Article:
The Pacific Salmon Commission's Fraser River Panel is predicting that an important B.C. salmon run will be almost twice as large as expected.
"It's good news for a change," said John Reynolds, holder of the Tom Buell BC Leadership Chair in Salmon Conservation and Management at Simon Fraser University, "It's the first time we've gotten really good news in years."
Reynolds said that the current run, called the "early summer" run, of sockeye salmon was initially predicted to number about 783,000 fish swarming up the Fraser River to return to their birthplace and spawn. The Commission upgraded that estimate to 900,000 recently, and then to 1.6 million fish Wednesday evening. That latest estimate, said Reynolds, is based on counts of salmon in Mission and is relatively certain.
It's reason for "cautious optimism" for anyone who cares about salmon, but particularly so for the fishing industry.
"Everybody wins," said Reynolds, "Commercial fisheries have been shut down more often than not over the last few years... They're in desperate condition and badly needed a good run... Native fisheries along 1,200 kilometres are dependent on these runs from the Fraser River to the Stuart watershed up near Prince George... And recreational fisheries are happy too, that's big business."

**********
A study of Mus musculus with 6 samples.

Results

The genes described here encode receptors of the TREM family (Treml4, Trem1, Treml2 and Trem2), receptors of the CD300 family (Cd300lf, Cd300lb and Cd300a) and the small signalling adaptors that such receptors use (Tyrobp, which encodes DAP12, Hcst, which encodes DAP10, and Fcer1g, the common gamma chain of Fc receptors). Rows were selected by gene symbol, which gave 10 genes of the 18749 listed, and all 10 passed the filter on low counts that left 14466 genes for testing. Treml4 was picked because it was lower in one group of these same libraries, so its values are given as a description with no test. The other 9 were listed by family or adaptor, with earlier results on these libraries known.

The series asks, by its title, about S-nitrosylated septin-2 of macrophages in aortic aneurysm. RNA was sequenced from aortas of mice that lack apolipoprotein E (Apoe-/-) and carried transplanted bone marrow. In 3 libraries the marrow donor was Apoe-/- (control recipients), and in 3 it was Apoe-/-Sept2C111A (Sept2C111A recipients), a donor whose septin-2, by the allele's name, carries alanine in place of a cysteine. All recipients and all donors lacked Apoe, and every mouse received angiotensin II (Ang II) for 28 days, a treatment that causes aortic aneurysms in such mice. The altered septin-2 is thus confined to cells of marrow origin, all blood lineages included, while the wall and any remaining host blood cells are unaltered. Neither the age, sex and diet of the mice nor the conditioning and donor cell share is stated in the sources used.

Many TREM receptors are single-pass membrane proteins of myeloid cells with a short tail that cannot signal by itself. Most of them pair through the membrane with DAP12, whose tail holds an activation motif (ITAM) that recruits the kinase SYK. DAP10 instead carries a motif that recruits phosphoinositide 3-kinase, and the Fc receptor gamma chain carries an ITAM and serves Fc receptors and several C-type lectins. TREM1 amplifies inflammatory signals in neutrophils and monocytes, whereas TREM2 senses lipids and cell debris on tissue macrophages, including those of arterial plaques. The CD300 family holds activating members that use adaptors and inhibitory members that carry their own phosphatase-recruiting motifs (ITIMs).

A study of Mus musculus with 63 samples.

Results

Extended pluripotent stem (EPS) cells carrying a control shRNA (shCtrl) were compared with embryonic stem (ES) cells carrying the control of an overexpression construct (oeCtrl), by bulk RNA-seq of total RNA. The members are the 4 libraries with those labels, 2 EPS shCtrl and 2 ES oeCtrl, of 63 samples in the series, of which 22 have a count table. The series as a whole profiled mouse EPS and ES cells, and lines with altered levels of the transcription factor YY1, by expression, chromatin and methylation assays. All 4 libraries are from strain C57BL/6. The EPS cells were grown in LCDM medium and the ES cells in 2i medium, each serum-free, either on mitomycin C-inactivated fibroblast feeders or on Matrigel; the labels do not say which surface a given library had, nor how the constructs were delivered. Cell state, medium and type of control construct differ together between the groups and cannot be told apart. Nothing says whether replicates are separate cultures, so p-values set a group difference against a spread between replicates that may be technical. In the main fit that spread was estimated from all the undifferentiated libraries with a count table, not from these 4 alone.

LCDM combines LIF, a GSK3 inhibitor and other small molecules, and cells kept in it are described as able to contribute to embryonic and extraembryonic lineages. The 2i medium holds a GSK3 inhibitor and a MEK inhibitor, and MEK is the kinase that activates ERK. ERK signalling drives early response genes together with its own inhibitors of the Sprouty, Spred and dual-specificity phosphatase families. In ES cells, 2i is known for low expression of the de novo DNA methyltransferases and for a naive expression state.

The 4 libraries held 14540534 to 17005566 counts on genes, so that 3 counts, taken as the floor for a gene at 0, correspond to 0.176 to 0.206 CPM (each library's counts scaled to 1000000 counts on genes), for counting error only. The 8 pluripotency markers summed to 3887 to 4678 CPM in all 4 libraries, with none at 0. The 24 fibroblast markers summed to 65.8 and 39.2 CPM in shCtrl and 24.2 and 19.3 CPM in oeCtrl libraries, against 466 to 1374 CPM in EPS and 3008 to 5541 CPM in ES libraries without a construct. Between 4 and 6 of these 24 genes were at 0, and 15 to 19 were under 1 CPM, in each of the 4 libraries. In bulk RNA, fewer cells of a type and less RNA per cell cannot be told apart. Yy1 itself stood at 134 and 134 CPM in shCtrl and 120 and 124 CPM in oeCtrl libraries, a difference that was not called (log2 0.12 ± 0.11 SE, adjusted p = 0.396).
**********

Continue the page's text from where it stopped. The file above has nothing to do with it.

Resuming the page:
Last year, despite initial estimates of 739,000 fish, only 195,000 returned.
"They were the lowest returns seen in over 50 years," Reynolds said, "And they also weren't predicted. It's one thing if you see it coming, but there was basically no warning."
Reynolds said that it wasn't clear why the return is so much stronger this year than expected, but that it was likely based on conditions in 2008 when the current generation of salmon were juveniles.
"They're very vulnerable at that stage of their life," he said.
The early summer run makes up about a third of the total yearly salmon to head up the Fraser River. Another third, the "early Stuart" run, has already passed, and was also about twice its initially forecast size.
The Fraser River salmon runs are much smaller than those of the Adams River, which pass in October. This year's Adams River run is currently forecast at a hefty 8 million salmon.
"Every family should go see the Adams River this year," said Reynolds, "It's one of the great ecological spectacles."
But though a strong Fraser River run is certainly an unalloyed good, Reynolds said, there are still things that can go wrong. The river's temperature is currently about 19 degrees Celsius, right at the edge of the salmons' tolerance.
"Anything above 19 starts to hamper these fish, because they're basically a cold-water animal," he said, "If temperatures stay high, we may see significant mortality... That could undo a lot of the good that we've seen so far."
Ryan Elias is completing a practicum at The Tyee.